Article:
The Scottish Medicines Consortium (SMC) has approved Ocrevus (ocrelizumab) as a treatment for primary progressive MS in Scotland.
- have had symptoms of primary progressive MS for less than 15 years and
- are able to walk at least 20 metres, with or without walking aids (up to EDSS 6.5) and
- have evidence of MS inflammatory activity on MRI scans
The MS Trust is delighted that Ocrevus has been approved for primary progressive MS. As the first approved treatment for progressive MS in Scotland, this is a landmark decision. But we know this is just the start. More treatments for progressive MS are still desperately needed, and we will continue to fight to ensure everyone with MS can access the treatments they need.
– David Martin, Chief Executive Officer, MS Trust
Ocrevus was approved as a treatment for primary progressive MS in England last year. Roche is working with the NHS in Wales and Northern Ireland to make Ocrevus available throughout the UK. Ocrevus has also been approved as a treatment for relapsing remitting MS in the UK.
Ocrevus is the first treatment to be approved for NHS treatment of primary progressive MS (PPMS). People with this form of MS experience disability more rapidly than those with other types. Clinical trials have shown that Ocrevus can slow the worsening of disability in early, inflammatory PPMS, with the potential to delay the need for a wheelchair by seven years.
Ocrevus is taken as an intravenous infusion (drip). The first dose is given as two separate infusions, two weeks apart. Further doses are given as one infusion every six months. The most common side effects include infusion-related reactions such as headache, rashes, fever and nausea. Other side effects include infections such as coughs, colds, chest infections and herpes virus infections (such as cold sores or shingles).
Kesimpta (ofatumumab) approved for relapsing remitting MS in Scotland
12 Jul 2021 - 00:00
The MS Trust is delighted that Kesimpta (ofatumumab) has been approved by SMC for people with active relapsing remitting multiple sclerosis.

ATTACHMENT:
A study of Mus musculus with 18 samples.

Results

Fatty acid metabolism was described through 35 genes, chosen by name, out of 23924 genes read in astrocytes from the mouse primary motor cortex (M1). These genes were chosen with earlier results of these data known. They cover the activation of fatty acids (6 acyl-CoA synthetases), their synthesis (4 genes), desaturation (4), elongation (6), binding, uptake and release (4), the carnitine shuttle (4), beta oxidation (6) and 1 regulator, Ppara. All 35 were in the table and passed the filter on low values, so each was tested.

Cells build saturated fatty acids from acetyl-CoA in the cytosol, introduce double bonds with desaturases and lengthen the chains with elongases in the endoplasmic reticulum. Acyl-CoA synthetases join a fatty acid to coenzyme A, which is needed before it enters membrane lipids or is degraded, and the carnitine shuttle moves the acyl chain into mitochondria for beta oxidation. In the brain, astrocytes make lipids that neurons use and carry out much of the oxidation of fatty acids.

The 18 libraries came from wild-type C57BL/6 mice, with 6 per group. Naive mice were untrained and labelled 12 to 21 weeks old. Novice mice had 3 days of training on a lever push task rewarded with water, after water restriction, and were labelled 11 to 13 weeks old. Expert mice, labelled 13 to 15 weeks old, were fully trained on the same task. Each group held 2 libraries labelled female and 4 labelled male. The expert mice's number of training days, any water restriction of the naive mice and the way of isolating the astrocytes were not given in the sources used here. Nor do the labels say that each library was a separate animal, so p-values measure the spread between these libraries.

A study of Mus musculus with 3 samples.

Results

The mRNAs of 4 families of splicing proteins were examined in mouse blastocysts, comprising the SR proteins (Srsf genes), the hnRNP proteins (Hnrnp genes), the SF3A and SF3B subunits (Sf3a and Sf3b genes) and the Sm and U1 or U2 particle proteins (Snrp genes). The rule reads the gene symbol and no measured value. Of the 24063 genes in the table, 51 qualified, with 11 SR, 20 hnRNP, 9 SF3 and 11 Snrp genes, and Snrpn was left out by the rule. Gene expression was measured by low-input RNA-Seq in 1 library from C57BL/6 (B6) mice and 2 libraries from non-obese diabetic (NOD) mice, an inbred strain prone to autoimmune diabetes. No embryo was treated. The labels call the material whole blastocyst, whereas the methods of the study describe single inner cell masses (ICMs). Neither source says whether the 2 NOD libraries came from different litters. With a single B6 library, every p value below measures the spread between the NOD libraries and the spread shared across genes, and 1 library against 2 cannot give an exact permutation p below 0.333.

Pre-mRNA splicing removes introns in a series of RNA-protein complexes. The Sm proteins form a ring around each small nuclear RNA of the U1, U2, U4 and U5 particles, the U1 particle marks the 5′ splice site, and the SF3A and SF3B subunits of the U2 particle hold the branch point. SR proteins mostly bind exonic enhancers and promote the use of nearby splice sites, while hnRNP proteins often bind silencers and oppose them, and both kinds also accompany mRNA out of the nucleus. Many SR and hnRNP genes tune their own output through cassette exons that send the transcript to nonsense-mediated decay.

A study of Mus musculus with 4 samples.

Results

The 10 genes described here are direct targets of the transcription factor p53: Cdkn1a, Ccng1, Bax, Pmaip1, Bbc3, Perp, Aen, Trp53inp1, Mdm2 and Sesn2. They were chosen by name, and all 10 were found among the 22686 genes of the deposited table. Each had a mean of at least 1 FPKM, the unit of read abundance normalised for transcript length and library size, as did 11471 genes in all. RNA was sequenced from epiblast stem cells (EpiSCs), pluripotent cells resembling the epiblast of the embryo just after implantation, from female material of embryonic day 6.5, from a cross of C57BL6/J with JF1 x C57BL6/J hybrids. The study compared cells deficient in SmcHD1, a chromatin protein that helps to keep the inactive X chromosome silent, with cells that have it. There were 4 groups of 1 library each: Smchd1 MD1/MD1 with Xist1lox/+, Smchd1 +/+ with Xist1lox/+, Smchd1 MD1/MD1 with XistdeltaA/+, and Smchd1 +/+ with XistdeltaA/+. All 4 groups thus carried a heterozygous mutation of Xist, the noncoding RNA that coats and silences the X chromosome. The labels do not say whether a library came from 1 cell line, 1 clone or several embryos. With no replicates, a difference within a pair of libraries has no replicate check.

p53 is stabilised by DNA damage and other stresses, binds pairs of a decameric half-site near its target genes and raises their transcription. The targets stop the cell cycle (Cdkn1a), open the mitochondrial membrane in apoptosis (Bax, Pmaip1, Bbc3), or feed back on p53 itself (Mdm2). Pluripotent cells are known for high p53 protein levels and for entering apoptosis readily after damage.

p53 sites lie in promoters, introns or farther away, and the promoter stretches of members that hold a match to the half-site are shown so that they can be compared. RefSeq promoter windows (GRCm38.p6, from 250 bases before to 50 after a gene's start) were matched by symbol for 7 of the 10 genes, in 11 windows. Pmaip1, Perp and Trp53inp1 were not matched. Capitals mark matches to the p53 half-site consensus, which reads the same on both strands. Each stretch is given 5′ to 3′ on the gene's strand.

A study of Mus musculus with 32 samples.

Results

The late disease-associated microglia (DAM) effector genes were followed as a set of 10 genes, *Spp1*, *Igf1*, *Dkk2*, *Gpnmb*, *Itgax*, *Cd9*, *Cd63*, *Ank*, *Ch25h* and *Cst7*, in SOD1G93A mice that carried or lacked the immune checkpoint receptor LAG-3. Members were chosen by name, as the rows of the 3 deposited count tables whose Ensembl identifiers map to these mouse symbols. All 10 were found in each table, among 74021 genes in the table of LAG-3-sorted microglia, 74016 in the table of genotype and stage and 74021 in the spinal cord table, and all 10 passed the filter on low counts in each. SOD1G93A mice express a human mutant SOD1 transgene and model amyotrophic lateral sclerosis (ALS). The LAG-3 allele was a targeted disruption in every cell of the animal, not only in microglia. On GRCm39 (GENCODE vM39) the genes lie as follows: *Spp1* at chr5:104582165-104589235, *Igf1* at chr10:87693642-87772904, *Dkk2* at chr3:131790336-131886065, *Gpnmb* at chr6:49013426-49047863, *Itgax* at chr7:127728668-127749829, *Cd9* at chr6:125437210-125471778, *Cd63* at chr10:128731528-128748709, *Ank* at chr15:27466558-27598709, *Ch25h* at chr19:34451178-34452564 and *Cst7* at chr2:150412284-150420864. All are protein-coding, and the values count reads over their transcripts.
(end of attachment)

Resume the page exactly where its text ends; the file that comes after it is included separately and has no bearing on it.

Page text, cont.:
Stem cell transplants in the news
5 Jul 2021 - 00:00
Difficulties accessing NHS stem cell transplants (also known as HSCT or AHSCT) for multiple sclerosis were highlighted in national newspapers this weekend.
MS onset in childhood: do disease modifying drugs delay long term disability?
17 Jun 2021 - 00:00
Researchers have investigated how the risk of developing long term disability has changed over the last three decades for people whose MS begins in childhood.
With a little help from my furry friend
21 Jul 2021 - 00:00
Lisa, who was diagnosed with MS in 2008 tells us about how creativity and a little help from Spud the hamster helped her get through tougher times.
People with MS thoughts on freedom day
19 Jul 2021 - 00:00
From Monday the 19th of July, most covid restrictions have been lifted in England but what are people with MS really feeling about the so called "Freedom day"?
In this article we talk to some people with MS about their feelings, plus we cover what you can do if you are worried about the lifting of restrictions.
Just keep wheeling
14 Jul 2021 - 00:00
Emily, also known as The Wibbly Dinosaur, discusses her feelings on mobility aids and how using a wheelchair provides her with the freedom to continue doing the things she enjoys.
Sign up for updates from us
Keep up-to-date with the latest MS news, explore new research, read the stories of people living with MS, find out practical tips from MS experts, and discover exciting fundraising opportunities.